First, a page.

Social Work *: Scholarly and Popular Sources

Randall Information Center | USC School of Social Work

Scholarly and Popular Sources

For your assignments you will need to find a variety of sources. Some of those sources will be scholarly and some will be popular. Both scholarly and popular sources can be useful in supporting your work. Think about what type of question you need to answer. Scholarly sources allow you to see how a certain topic has been analyzed in the academic community. They help you answer questions about effects, relationships and impact between issues and facts. Popular sources allow you to see how a certain topic or event has impacted the local community or population. They help you answer the who, what, where and when questions. *Chart below adapted from Rashelle Nagar.

 

Scholarly 

Popular

Author

Written by researchers who are experts in the discipline 

Written by journalists or nonacademics

Audience and Topic

Academics, scholars, and researchers - subject specific

General public - general topic/issues

Frequency

Monthly, quarterly, or annually 

Published weekly or monthly

Ads

Few to none 

Many ads or promoted content

References

Footnotes, bibliography, and sometimes appendices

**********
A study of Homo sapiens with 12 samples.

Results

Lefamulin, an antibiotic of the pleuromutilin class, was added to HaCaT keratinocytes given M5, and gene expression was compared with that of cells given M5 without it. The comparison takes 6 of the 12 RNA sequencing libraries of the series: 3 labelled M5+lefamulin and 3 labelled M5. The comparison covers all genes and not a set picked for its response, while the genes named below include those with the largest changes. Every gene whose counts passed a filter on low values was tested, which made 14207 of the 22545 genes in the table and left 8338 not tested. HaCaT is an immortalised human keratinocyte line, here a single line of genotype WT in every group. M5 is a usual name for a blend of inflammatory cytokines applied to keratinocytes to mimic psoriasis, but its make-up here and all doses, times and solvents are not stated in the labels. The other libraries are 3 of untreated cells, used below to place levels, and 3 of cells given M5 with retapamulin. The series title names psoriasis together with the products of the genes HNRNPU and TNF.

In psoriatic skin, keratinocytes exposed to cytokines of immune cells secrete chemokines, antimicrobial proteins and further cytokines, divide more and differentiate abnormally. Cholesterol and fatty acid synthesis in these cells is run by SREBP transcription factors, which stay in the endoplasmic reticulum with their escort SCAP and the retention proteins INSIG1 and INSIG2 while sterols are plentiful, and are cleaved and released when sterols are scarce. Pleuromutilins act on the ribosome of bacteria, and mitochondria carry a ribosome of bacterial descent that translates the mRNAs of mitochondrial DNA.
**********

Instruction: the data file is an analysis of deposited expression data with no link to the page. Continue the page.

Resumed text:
Few to none

Review Process

Peer reviewed by other experts 

Reviewed by a publication editor

Images

Tables, graphs, or photographs 

Lots of photographs and illustrations

Structure

Lengthy (usually 7+ pages) 

Often short in length

Tone

Formal tone with technical language 

Casual tone with little jargon

Peer-Reviewed Articles

What is a Peer-Reviewed Article? 

Peer-reviewed articles are written by experts and researchers who want to share their research with others in the field.

How do you find Peer-Reviewed articles? 

Search online databases and scholarly journals. Read the database description to determine if it includes peer-reviewed articles. Many databases include options to limit your results to peer-reviewed articles. 

Quick Reference

Ulrich's Periodical Directory will tell you if a journal is peer-reviewed (refereed). Type in the journal's name and look in the "Refereed" field.